Priceless Self Portraits
Seven years ago, just before my son started kindergarten and my daughter started PreK 3s, I scored a deal at the Target dollar section—two blank hard-cover books for $3 each. These $3 books are now invaluable as they hold the thoughts and feelings of my kids as they start each school year.
Every September, we have a little family joke about me not being able to find the books, but, miraculously, by the end of the month, they usually show up somehow. I turn to a fresh page spread, and write a list along the left side: name, date, age, height, weight, grade, teacher, school, signature, favorite food, favorite colors, favorite games, favorite toys, friends, favorite animals, favorite sports, favorite teams, pets, and favorite things to do.
The kids sit down to start completing their list on the left side and their self-portrait on the right page. There is just one rule: no peeking at the previous years until you have completed this year’s pages. We set this rule after our second year when Jordan flipped back to his kindergarten portrait and decided to draw the exact same picture.
Once the kids are done, the fun begins. They giggle and reminisce as they flip through the previous year’s pages. They remember friends who have moved away (“I remember Holly! I miss her!”), pets that have moved on (Pets: 2 hermit crabs—used to have 3, but they ate one), and games they haven’t played in years (“That’s the year I was obsessed with Minecraft.”) We also see how some things have stayed the same—baseball (Jordan) and singing (Becca) have appeared in every single year’s favorites list. They remember things that we have done as a family, like the year that Becca chose yellow-bellied marmot as her favorite animal because we had been to Colorado in the summer and she was obsessed with seeing one there since yellow was her favorite color. We discover new things, too, like when we figured out that the friend she listed in preschool is the daughter of a fifth grade support teacher in a class down the hall.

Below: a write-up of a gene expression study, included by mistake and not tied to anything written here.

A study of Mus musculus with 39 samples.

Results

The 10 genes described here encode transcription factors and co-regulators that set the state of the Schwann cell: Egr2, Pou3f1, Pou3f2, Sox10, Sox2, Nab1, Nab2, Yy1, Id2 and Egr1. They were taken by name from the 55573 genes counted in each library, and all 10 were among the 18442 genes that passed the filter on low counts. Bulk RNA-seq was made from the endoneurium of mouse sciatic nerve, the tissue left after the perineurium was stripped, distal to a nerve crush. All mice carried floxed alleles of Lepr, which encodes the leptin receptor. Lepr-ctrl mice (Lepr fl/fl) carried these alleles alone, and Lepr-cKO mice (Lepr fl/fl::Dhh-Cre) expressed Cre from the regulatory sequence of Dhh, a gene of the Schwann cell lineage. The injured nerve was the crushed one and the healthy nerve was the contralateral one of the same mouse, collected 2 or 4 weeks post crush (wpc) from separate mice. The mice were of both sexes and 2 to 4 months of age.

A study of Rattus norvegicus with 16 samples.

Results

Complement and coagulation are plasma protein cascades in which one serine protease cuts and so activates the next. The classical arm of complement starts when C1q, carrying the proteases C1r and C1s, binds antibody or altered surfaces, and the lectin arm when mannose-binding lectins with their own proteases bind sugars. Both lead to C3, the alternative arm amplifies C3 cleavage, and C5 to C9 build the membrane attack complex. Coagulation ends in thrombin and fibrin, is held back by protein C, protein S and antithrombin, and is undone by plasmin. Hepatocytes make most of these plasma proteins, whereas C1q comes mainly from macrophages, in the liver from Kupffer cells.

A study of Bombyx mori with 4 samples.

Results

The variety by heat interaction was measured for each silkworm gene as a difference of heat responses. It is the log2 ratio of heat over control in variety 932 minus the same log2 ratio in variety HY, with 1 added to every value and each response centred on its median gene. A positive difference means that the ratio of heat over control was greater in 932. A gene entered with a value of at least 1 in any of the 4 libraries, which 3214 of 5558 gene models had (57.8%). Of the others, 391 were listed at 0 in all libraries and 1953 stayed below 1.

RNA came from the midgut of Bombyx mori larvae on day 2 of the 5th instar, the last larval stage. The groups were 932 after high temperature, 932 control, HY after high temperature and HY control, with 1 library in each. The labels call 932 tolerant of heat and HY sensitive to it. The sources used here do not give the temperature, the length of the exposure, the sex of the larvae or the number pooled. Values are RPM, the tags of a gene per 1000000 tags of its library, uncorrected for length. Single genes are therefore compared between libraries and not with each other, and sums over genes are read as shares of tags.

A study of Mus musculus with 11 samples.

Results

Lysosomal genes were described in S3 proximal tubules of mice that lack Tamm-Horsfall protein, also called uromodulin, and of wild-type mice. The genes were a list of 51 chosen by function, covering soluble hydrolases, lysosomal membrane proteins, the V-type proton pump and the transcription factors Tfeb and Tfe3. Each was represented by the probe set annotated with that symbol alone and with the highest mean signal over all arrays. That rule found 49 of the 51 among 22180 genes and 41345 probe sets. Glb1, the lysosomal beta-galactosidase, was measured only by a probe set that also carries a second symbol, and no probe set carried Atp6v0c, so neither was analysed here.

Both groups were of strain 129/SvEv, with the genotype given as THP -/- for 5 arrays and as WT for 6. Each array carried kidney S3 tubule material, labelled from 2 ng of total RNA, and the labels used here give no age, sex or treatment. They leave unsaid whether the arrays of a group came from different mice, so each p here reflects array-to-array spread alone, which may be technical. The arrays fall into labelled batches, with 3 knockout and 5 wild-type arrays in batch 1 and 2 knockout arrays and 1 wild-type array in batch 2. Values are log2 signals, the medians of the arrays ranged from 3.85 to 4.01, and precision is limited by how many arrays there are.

The portraits give us a good look into their younger selves, too. Jordan gets a kick out of seeing the correction tape on his kindergarten portrait, remembering how upset he was that he didn’t draw his shoe the way he wanted and insisted that I put tape over it so he could try again. He has featured Indiana Jones Lego mini figure, Pokémon, and Xbox in his portraits. Becca has drawn herself singing into a microphone, running in the park with a friend, and with a giant Shopkin.
Last week, the kids completed their eighth self-portraits and questions. It is now time for me to store away the books to hopefully find again by the end of September next year.